I remember the first day I learned what a “JOIN” statement was in a programming class in college. I remember thinking this is going to be really useful someday. If you are not familiar with the SQL JOIN statement, it is a programming function allowing you to combine two or more tables of data in a database to act as one, typically with a common key. For instance, if you could join a table listing the pet preferences (i.e. dog, cat, fish) of individual customers with a table showing which customers do or do not have a credit card you could use the data to drive personalization of a YouTube campaign promoting dancing pets and credit card offers. Nowadays I wouldn’t describe the ability to join data sources as “useful,” I describe it as critical. Below are two examples of website projects in which we used combined data sources to drive website improvements.
Example #1: Joining survey data with Core Platform customer attributes.
Over the years I have been curious about the redundant nomenclature that banks and credit unions use to describe their products. For instance, the phrases mortgage, home loan, and home financing can all be used to describe virtually the same products. Extractable ran a survey with a large F.I. in the midwest to learn which phrase was preferred as well as compare the data with trends on major search engines (i.e. Google) and internal site search usage. What we found was that the phrase “mortgage” is used 7X more frequently than the other terms. We decided to join the survey data with some demographic data in the F.I.’s core platform. We joined the two data sources via the email address of the survey takers. The findings were interesting:
- First time home buyers 30 years old and younger are actually more likely to call it a “home loan.”
- Home buyers older than 30, or any home buyer that has purchased a home before, are much more likely to call it a “mortgage.”
- Customers that are looking for a second concurrent mortgage, (i.e. a rental property), are much more likely to use the phrase “home financing.”
This simple joining of two disparate data sources, (a customer survey and the core platform), yielded some great insights to drive personalization on the website, mailers, email campaigns and informed display advertisements. Taking one step further and combining the phrases with the F.I.s conversion rates on mortgage products with different age groups lets us know how valuable each phrase is in pay per click traffic acquisition.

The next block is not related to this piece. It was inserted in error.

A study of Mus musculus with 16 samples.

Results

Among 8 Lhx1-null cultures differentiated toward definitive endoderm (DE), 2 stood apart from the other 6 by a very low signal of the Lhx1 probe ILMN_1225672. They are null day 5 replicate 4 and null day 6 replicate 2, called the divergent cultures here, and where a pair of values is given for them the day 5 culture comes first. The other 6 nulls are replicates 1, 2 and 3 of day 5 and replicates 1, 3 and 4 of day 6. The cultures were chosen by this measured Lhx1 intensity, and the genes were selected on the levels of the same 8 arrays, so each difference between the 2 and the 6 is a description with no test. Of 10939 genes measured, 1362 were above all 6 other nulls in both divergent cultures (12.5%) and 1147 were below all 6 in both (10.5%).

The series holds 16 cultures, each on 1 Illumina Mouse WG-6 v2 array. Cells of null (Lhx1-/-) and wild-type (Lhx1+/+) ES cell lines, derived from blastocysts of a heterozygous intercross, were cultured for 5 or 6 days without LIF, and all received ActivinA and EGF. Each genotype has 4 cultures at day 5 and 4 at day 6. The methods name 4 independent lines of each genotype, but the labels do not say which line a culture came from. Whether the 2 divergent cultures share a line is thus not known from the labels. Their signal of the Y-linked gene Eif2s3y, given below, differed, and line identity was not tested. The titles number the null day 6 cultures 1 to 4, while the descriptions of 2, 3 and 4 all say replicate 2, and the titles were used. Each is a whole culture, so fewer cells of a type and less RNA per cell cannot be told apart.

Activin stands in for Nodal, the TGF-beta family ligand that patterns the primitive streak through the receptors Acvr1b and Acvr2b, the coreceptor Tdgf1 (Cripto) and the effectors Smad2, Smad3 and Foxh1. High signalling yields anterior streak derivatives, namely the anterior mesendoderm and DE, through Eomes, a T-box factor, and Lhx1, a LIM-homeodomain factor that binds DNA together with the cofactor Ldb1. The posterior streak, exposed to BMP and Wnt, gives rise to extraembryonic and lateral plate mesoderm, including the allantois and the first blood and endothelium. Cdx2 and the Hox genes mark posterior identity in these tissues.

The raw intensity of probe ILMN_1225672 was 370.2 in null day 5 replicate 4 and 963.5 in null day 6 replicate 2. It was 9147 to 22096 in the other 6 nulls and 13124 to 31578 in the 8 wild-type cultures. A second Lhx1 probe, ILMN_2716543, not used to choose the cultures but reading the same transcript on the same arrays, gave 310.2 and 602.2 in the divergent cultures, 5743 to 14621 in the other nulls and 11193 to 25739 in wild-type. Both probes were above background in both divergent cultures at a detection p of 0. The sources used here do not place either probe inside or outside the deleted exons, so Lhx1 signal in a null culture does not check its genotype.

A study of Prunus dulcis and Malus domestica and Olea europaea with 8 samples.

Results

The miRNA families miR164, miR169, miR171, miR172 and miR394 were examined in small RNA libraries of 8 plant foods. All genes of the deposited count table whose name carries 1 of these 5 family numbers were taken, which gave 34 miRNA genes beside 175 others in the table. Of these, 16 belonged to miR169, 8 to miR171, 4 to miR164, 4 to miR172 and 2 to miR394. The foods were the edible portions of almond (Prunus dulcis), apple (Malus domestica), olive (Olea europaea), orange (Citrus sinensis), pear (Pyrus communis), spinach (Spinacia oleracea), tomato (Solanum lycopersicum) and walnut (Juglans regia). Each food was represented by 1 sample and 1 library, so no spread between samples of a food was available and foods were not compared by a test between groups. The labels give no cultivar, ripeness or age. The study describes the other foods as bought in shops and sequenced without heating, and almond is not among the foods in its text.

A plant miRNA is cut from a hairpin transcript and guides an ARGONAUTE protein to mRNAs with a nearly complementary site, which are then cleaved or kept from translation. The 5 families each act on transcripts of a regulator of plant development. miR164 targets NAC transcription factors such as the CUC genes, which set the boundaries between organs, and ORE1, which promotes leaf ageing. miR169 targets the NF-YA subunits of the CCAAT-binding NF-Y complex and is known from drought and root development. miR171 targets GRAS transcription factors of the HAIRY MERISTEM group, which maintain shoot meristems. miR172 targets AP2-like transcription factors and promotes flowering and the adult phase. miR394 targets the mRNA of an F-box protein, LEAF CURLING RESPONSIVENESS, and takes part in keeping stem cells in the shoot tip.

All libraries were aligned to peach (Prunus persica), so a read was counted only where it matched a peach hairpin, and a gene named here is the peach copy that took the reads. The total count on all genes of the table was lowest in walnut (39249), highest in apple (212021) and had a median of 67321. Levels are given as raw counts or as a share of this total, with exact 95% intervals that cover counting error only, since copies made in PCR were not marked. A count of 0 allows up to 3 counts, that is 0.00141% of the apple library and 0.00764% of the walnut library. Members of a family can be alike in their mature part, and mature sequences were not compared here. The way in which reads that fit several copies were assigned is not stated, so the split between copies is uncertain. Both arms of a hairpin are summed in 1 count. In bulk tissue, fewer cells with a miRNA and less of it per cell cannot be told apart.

Read More: Banks’ Power to Mine Data Frightens, Intrigues Consumers
Example #2: Joining Web Analytics with Customer Relationship Management data.
Working with one of the largest retirement plan administrators in the country we spent a good amount of time diving into the web analytics from their secure portal where clients log in to perform retirement planning activities, (i.e. enroll, change distributions, view balances and performance, set up retirement goals, etc.). We had a great opportunity to join the web analytics behavioral data with their CRM data joining the two data sets by the visitors internal account identifier. With this combined dataset we could start to see interesting data such as how online behaviors differed between visitors that are close to retirement or very far away from retirement, (by age or savings). Also, we were able to see how content/tool usage changed between people with investments that were performing well (i.e. 20%+) or people with poor performing investments (i.e. -10%). Below is a list of some of the insights we found:
- The closer a client is to retiring (by age), the more frequently they visit the site. Inversely, the farther a client is from retiring (by age), the more engaged they are with retirement planning content and tools. From this we could consider developing retirement planning content for younger audiences.
- Clients >65 years old are 2X more likely to use a tablet than a smartphone. Combine this data with the previous point and we know which types of articles can be written for specific devices.
- Clients that login to the portal via smartphones and clients that login to the portal via laptops are essentially separate crowds. Less than 3% of the clients use both devices. Although the number of clients that login via multiple devices in growing rapidly. Website owners usually assume that all audiences have similar content and functional needs, but are data shows they are distinct and likely have unique needs.
- The wealthier a client is, the more they frequent the site – until they become millionaires and then frequency of visits drops significantly. Inversely when they become millionaires, they visit less frequently but consume much more retirement planning and investment content than before.
- The duration of visits and the pages viewed per session decrease as clients investments perform better. It appears that when times are good, the clients feel less of a need to check balances and read investment content.
These examples provide great insights on how to drive personalization by age group, by investment performance, and by affluence. Combining these data sources to create more focused client segments will allow us to optimize the site tools, content, and traffic acquisition campaigns more effectively.
Each time we combine reporting from different tracking systems we discover new patterns that can be used to inform the development of superior user experiences. It is very exciting to think that as technology platforms become more interoperable in the years ahead it is likely that all forward thinking organizations will become experts in customer preferences and behaviors which will lead to better web experiences and much better service from innovative financial institutions.